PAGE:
Toddler with a cup

Once they’re old enough, you can start encouraging your baby to drink from a cup or beaker. Here we discuss your options and when to start.

When should my baby start drinking from a cup?

Dieticians and dentists recommend babies start to learn to drink water from a cup from six months old (NHS Choices, 2015). They can start drinking water from this age whether they’re breastfed, formula fed or fed a combination.

Your little one can even begin drinking from an open cup from birth if they need to (Zimmerman and Thompson, 2015). They might need to do this if you are breastfeeding and you aren’t available, or if your little one can't attach well to the breast.

Breast milk can be given from a small soft cup to help avoid the possibility of nipple confusion. Nipple confusion could happen if you introduce a bottle to a baby who’s been breastfed in the early days (Zimmerman and Thompson, 2015).

Choosing and using a cup

You might have looked at what cups are out there and if so, you’ll know the choice can be overwhelming. You can get sippy cups, beakers, ‘no-spill’ designs, free-flow and open cups for babies and toddlers. Here’s some advice:

  • Dentists suggest avoiding no-spill designs or sippy cups with valves in them. They recommend choosing an open cup, or a free-flow cup or beaker.
  • You baby might spill drinks to begin with but health experts agree these designs are better for your baby’s teeth.
  • Open cups avoid the need for further transitions from bottle, to spout, to open cup. (NHS Choices, 2015; Oral Health Foundation, 2017)

Helping your baby to start drinking from a cup

Here are some ways to help your little one learn to drink from a cup:

  • Sit with your baby and tilt the cup slowly to begin with, so they can sip the water.
  • They might find it easier to pick up and hold a cup with two handles to begin with.
  • Using an open cup or a free-flow cup without a valve will help your baby learn to sip rather than suck. Sipping is better for their teeth.
  • You can also try a sloping cup, which your baby might find easier as they don’t have to tilt it so far.
  • Take your time – your little one may spit water out or only try a tiny sip to start with. (NHS Choices, 2015; Oral Health Foundation, 2017)

Preventing baby tooth decay

Dentists are concerned that the way no-spill cups are being used may damage young children’s teeth. Frequently sipping squash or juice from bottles or no-spill beakers means a baby’s teeth and gums are constantly bathed in sweet, acidic liquids. This can lead to tooth decay (Oral Health Foundation, 2017).

The following advice can help to protect your baby’s teeth:

  • Dentists say that comfort sucking sweetened drinks from a bottle is one of the most common causes of tooth decay in young children.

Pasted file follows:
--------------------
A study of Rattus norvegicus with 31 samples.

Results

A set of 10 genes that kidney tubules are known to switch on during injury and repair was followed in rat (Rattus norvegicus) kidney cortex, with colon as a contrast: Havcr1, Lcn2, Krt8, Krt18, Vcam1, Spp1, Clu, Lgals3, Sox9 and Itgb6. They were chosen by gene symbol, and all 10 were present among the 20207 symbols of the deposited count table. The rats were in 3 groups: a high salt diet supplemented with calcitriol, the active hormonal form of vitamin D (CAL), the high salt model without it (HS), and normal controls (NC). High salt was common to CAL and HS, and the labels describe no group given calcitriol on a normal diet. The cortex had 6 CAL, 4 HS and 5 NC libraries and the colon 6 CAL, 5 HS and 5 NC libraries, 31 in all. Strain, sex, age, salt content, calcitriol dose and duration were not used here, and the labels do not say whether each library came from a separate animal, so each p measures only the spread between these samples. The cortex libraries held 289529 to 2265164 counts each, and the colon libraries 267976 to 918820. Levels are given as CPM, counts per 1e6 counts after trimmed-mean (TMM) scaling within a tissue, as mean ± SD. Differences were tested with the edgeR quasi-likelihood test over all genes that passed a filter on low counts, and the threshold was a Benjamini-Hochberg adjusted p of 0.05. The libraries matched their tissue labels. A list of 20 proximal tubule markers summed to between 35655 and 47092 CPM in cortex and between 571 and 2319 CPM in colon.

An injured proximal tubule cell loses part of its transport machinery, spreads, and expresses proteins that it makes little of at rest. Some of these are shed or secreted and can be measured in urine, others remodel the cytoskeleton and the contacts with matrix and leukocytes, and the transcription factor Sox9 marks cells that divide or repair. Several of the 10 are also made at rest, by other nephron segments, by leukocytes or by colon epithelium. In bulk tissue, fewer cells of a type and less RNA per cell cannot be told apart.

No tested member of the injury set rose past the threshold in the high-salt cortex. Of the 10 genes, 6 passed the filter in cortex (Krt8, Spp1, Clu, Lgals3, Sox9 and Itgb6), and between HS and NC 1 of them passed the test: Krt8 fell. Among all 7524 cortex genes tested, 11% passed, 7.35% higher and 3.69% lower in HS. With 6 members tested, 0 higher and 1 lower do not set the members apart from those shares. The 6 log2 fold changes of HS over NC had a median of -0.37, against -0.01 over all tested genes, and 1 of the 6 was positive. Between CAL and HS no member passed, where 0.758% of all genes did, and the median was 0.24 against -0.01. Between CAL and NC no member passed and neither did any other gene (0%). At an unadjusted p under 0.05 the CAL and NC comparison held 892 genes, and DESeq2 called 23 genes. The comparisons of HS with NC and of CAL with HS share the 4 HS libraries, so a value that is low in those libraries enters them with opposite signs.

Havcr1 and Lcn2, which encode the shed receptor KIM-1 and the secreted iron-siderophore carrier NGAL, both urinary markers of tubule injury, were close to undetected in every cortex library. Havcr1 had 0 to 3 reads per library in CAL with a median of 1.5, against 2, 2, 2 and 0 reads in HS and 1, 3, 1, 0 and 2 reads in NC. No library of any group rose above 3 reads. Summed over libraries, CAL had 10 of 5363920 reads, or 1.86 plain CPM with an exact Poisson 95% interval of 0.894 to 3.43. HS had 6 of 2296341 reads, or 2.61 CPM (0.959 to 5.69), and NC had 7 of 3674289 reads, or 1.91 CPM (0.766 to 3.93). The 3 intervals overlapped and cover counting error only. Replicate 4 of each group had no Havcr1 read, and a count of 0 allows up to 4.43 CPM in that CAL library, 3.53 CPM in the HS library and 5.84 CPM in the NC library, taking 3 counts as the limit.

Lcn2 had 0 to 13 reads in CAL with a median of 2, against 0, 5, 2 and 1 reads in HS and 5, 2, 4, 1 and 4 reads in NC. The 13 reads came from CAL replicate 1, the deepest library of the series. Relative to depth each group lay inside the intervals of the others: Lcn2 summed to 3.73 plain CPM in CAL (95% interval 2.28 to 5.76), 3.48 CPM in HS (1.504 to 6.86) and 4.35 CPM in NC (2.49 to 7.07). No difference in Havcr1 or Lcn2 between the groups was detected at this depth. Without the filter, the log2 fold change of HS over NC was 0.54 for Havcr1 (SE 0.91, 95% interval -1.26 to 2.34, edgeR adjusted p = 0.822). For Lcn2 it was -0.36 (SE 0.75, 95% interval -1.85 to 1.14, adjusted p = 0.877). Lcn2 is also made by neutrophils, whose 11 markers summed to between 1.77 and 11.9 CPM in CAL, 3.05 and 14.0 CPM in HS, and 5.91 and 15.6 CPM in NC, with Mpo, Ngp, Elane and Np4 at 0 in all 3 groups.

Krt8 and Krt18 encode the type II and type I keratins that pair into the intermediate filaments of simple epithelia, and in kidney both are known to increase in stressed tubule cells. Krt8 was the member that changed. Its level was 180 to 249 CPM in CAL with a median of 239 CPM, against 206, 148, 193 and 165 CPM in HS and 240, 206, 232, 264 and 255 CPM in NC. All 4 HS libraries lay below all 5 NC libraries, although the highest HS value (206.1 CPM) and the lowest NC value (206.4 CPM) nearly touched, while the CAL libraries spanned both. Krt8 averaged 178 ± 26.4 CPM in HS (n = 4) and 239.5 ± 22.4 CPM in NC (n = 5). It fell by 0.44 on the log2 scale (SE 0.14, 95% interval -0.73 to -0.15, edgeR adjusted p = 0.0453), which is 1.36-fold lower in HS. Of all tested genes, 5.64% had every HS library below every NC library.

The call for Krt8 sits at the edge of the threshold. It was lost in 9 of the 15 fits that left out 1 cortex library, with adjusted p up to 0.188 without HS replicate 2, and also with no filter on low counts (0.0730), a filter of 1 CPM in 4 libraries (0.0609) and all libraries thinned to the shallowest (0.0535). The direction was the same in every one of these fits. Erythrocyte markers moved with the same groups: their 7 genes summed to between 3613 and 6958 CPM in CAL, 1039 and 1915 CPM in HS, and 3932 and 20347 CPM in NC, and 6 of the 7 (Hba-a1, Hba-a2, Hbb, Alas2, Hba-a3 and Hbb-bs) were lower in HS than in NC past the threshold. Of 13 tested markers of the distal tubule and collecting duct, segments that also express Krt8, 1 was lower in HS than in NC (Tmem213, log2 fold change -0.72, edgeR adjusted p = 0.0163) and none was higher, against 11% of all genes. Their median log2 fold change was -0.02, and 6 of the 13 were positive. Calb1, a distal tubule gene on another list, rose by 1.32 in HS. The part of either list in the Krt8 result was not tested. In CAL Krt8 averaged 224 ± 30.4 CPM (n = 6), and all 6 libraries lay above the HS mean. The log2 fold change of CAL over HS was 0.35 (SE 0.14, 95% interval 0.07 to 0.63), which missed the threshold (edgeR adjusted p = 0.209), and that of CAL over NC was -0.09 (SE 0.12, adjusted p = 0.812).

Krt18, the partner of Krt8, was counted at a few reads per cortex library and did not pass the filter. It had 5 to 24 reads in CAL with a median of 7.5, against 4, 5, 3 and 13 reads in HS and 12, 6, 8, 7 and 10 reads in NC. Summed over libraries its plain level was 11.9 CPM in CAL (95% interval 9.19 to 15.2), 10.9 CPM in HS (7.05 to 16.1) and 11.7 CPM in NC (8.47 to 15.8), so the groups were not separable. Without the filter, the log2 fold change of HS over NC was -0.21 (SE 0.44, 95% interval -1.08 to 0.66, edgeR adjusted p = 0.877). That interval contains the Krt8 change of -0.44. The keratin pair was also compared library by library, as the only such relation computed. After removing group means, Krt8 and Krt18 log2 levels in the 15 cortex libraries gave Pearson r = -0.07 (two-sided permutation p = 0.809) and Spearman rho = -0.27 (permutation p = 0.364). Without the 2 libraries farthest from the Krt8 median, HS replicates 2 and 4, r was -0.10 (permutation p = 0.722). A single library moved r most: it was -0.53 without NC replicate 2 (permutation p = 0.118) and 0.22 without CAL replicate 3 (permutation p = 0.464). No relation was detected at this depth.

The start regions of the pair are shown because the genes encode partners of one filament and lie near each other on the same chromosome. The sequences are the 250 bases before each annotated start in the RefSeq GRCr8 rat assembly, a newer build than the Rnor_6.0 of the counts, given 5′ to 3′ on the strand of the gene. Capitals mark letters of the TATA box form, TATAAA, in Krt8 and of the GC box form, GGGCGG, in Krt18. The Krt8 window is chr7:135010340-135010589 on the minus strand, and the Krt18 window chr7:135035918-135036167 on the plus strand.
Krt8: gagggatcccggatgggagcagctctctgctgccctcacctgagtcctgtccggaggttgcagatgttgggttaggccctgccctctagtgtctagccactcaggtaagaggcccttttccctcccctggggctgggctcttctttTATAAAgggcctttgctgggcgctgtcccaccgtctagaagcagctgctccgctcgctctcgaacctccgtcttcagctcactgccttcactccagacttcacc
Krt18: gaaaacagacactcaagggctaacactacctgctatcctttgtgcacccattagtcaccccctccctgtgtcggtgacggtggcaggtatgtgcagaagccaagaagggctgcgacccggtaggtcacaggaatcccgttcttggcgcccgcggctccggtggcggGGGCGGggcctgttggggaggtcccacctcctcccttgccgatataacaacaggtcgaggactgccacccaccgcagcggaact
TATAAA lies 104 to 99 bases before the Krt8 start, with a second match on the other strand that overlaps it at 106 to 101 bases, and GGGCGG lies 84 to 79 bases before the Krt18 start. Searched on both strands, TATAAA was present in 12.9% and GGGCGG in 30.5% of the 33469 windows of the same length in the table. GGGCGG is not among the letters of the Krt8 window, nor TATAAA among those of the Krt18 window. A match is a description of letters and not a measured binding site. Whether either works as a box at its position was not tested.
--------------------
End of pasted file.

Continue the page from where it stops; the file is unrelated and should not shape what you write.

• Offering your baby water to drink from an open cup from six months encourages good habits. You will be helping them to gain independence as well as protecting their teeth.
  • If your baby is bottle fed, it’s recommended they stop drinking from bottles with teats by the time they are one year old. Otherwise, they might find it hard to break the habit of comfort sucking on a bottle. (NHS Choices, 2015; Oral Health Foundation, 2017)

Find out more in our article about looking after your baby’s teeth.

Cleaning cups and spouts

Make sure you clean all parts of your baby’s cup or beaker thoroughly. Particularly any awkwardly shaped spouts or valves as they can rapidly become a breeding ground for bacteria (Zimmerman and Thompson, 2015; NHS Choices, 2016).

Go at your baby’s pace

To begin with, your baby will still get most of their liquids from breast milk or formula milk (NHS Choices, 2015). So don’t worry if your baby becomes frustrated and wants to stop trying to drink water after a sip or two.

If you go at your baby’s pace the transition to a cup is likely to be smoother. Offer your baby a drink of water from a cup as part of each meal. Later on, if your baby would like a drink between meals, try to offer them plain water from a cup (Zimmerman and Thompson, 2015).

"Gradually, drinking from a cup will become second nature. Your baby might surprise you at how quickly they pick up drinking from a cup."

This page was last reviewed in October 2017

Further information

Our support line offers practical and emotional support with feeding your baby and general enquiries for parents, members and volunteers: 0300 330 0700.

You might find attending one of our Early Days groups helpful as they give you the opportunity to explore different approaches to important parenting issues with a qualified group leader and other new parents in your area.

Make friends with other parents-to-be and new parents in your local area for support and friendship by seeing what NCT activities are happening nearby.

Information from NHS Choices on protecting your child’s teeth and drinks and cups for children.

NHS Choices. (2015) Drinks and Cups for Babies and Toddlers. Available from:  http://www.nhs.uk/Conditions/pregnancy-and-baby/Pages/drinks-and-cups-children.aspx [Accessed 1st October 2017].

NHS Choices. (2016) Sterilising Baby Bottles. Available from:  http://www.nhs.uk/Conditions/pregnancy-and-baby/Pages/sterilising-bottles.aspx[Accessed 1st October 2017].

Oral Health Foundation. (2017) Caring for Teeth: Children’s Teeth. Available from: https://www.dentalhealth.org/tell-me-about/topic/caring-for-teeth/childrens-teeth [Accessed 1st October 2017].

Zimmerman E and Thompson K (2015) Clarifying nipple confusion. J Perinatol. 35(11):895-9. Available from: https://www.ncbi.nlm.nih.gov/pubmed/26181720 [Accessed 1st October 2017].